IF the true value of a sportsperson's stock is valued by the esteem in which he or she is held by those around them, John Egan was pure gold.
"I have no hesitation in the world in saying he was the best left full-forward I ever saw. He was an unbelievable talent," said Mick O'Dwyer, who managed Kerry during the glory era when they won eight All- Ireland titles between 1975 and 1986.
"Not only was he one of the best footballers ever to play for Kerry, he was one of the best to have played the game anywhere," said Mike Sheehy, a man who manoeuvred with Mr Egan for many years in a forward line that took invention to new levels.
And while Mr Sheehy, Pat Spillane and 'Bomber' Liston may have had higher profiles, Mr Egan's quiet, methodical efficiency was just as important to the project.
"Some of the goals John Egan scored were unbelievable. He had a great knack for getting them when we needed them most," said Mr O'Dwyer.
Mr Sheehy recalls him as being the complete team player.
"He was an absolute joy to play with. He must have been an absolute nightmare for opposing corner-backs because apart from having a massive amount of talent, he was as strong as a horse. When he got the ball and went for goal, he took some stopping," he said.
Surrounded by superstars and with a quiet, self-effacing personality, Mr Egan's role in Kerry's success story probably never quite got the credit it deserved among the public, but his colleagues always knew how crucial he was.
"We certainly knew what John brought to the scene. I can rarely remember him having a bad game for club or county. In fact, I remember one game where we (Austin Stacks) were playing Sneem. We had a lot of county players on the panel and would probably have been expected to win handy enough but John nearly beat us on his own. He was that good. When he was on his game, he was virtually unmarkable," said Mr Sheehy.
One of Mr Egan's greatest attributes was his ability to solo at sprint pace without allowing his marker an opportunity to flick the ball away. That was due to his perfect soloing technique, whereby the ball travelled very little distance from toe to hand.
His economical style, coupled with his huge power and determination, made him extremely difficult to counteract.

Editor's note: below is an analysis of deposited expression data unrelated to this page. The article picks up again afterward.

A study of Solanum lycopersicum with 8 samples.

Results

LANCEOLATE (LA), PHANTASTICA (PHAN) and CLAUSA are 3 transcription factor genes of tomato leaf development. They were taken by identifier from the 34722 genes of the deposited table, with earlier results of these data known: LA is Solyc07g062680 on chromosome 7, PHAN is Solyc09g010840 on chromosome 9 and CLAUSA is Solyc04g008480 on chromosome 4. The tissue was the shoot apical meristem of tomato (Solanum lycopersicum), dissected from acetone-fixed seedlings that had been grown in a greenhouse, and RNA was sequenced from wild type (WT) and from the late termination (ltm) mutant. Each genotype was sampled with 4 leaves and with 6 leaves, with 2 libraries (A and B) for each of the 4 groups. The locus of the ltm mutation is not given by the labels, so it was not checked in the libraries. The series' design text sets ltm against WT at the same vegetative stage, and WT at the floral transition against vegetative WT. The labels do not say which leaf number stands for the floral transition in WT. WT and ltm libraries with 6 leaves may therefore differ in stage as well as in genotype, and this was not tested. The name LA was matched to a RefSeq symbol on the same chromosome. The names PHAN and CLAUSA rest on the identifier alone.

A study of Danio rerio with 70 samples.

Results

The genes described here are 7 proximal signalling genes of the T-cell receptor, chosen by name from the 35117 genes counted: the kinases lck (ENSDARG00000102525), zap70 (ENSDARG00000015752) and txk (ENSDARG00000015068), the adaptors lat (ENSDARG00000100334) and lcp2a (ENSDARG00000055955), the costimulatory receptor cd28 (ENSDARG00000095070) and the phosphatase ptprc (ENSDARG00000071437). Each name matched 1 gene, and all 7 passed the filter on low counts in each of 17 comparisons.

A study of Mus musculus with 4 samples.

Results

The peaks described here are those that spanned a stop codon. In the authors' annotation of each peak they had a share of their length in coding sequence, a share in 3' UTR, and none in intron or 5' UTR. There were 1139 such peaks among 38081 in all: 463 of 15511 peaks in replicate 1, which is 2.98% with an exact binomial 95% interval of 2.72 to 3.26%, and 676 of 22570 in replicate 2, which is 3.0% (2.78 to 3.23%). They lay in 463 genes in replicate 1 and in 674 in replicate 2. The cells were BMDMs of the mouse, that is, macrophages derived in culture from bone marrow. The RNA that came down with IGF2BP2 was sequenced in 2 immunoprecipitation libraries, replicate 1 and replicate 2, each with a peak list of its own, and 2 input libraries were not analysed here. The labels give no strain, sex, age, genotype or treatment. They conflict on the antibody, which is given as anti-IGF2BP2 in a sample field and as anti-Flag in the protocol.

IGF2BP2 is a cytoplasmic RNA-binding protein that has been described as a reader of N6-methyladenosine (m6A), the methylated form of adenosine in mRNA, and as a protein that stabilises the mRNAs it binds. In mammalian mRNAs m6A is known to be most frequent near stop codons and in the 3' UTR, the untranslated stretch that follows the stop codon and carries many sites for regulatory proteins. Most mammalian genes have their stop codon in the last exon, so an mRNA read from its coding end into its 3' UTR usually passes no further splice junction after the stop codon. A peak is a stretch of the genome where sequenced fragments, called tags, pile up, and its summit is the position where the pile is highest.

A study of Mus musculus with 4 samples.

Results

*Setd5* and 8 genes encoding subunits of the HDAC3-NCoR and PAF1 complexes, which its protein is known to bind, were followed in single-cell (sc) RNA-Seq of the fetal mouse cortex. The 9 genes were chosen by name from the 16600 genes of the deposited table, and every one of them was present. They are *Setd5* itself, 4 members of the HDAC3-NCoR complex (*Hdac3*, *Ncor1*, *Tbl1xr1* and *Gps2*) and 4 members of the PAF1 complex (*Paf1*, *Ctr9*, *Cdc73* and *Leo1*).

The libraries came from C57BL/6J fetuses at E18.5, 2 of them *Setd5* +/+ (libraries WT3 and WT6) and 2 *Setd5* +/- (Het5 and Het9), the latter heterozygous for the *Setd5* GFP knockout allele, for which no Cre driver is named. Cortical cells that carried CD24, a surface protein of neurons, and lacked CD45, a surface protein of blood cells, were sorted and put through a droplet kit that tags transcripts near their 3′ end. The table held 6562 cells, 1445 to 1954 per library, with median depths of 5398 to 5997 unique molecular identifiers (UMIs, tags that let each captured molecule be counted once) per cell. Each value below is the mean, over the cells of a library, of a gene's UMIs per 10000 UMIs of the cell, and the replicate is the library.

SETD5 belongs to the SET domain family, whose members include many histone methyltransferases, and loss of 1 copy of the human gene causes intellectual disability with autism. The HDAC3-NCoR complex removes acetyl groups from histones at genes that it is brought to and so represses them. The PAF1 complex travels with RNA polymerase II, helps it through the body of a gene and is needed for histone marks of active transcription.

A man with an uncanny ability to anticipate how play would develop, he always had the confidence to back himself in tight situations, a quality that saw him score many crucial goals.
He reserved his very best performances for the big championship occasions, especially against Cork and Dublin, who were Kerry's main rivals during much of Mr Egan's career. They were joined in the early 1980s by Offaly who, after two failures against Kerry in 1980-81, finally gained revenge in the All-Ireland final of 1982.
Offaly wrecked Kerry's five-in-a-row ambitions, which was particularly devastating for Mr Egan, who was team captain. His date with destiny as the man to bring the Sam Maguire Cup back to Kerry in the five-in-a-row year was cancelled in the most dramatic circumstances when Seamus Darby scored a late goal that swung the game Offaly's way.
"A lot of us played badly that day, but not John. He could certainly hold his hand up and say the 1982 defeat had nothing to do with him, but that wasn't his way. Always the team man," said Mr Sheehy.
By 1982, Mr Egan had won five All-Ireland senior medals (1975/78/79/80/81) and added another in 1984. It was an unforgettable era for Kerry, who dominated Gaelic football with a near-perfect blend of skill, strength, endurance and ambition. Mr Egan was at the heart of it, imposing his special brand of menace on unfortunate defenders.